The South Big Data Hub Roundtable Series provides an open discussion forum focusing on emerging research challenges in data science and analytics, applications in verticals such as health, smart and connected cities, environment, natural hazards, energy, materials and advanced manufacturing, and cross-cutting areas such as cyberinfrastructure, privacy, and security.
The roundtables will typically feature a moderator and 1-4 panelists who will provide short presentations, followed by audience questions and roundtable discussion. To view previous roundtables, visit our YouTube channel or go here for an archival listing of roundtables.
Our next event in the series will be held on
Thursday, April 12 from Noon – 1:15 P.M.
The Future of Work: Intelligent Machines, Automation, and Societal Impacts
To participate live:
Join the day of the event
About the Event:
The nature of work today is undergoing an unprecedented transformation. As the pace of technological innovation continues to accelerate exponentially, the skills required of workers by industry are changing more rapidly than ever. These newly emerging skill requirements are having a parallel disruptive effect on higher education and training programs, which are struggling to adjust to the dynamic needs of both workers and industries.
At the same time, technological innovation also threatens to displace human workers with robots and artificial intelligence on a massive scale, with some studies predicting hundreds of millions of lost jobs world-wide. Such levels of unemployment can create cascading effects – such as exacerbated inequality, increased poverty, and stunted development – that contribute to social instability on a global scale.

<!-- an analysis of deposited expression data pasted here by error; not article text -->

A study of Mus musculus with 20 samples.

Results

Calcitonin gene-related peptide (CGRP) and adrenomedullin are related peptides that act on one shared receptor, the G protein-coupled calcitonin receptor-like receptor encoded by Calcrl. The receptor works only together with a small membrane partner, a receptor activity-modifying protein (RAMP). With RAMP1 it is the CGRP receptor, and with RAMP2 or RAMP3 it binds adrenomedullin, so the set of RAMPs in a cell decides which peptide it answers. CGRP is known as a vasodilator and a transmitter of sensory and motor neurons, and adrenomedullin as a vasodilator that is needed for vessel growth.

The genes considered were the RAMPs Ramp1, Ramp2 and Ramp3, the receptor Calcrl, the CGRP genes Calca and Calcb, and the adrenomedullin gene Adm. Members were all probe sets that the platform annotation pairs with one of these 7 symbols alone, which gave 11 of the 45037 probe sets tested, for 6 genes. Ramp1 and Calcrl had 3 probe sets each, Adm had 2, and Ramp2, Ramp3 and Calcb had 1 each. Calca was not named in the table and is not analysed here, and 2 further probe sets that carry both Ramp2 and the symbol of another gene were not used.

Yet technology is also likely the key to mitigating these issues surrounding the future of work. Breakthroughs in big data and machine learning are creating new opportunities to rapidly match the needs of employers with the abilities of workers; human-machine interfaces promise to revolutionize how work and workers are defined; and intelligent machines may lead to drastic improvements in human quality of life. In this session, our panelists will explore some of these important questions related to the future of work, training, education, and technology.
About the Panelists:
Kevin Crowston, PhD, is a Distinguished Professor of Information Science in the School of Information Studies at Syracuse University and is currently serving as Associate Dean for Research. His research examines new ways of organizing made possible by the extensive use of information and communications technology. Specific research topics include science data management and work practices and technology support for citizen science research projects.
Gordon Freedman is president of the National Laboratory for Education Transformation, a non-profit committed to transforming 20th century education into 21st century learning. Throughout his career, he helped evolve the fields of education technology and online learning and is now an advocate for broad-based change across the K-to-Career spectrum. Freedman also manages Knowledge Base, LLC, a consulting firm and has an extensive background in film and television.
Ioana Marinescu, PhD, is a faculty research fellow at the national Bureau of Economic Research. As an economist, she studies the labor market to craft policies that can enhance employment, productivity, and economic security. Her research expertise includes online job search, workforce development, unemployment insurance, the universal basic income, and employment contracts.
Shade Shutters, PhD, is a research scientist with the Global Security Initiative at Arizona State University. He holds appointments at the Global Institute of Sustainability, the Center for policy Informatics, and the Center for Social Dynamics and Complexity. His research, funded primarily by the NSF and the Department of Defense, uses big data to understand the complex dynamics of urban systems and labor markets.
About the Moderator:
Molly Kinder is a Senior Advisor on the future of work at New America. She is also a fellow at Georgetown University’s Beeck Center for Social Impact & Innovation and adjunct faculty at Georgetown’s McCourt School of Public Policy, where she is teaching a graduate seminar on the social, economic, and policy implications of AI. She is also leading human-centered research on workers’ perspectives on automation and their motivations and constraints to skills and opportunity.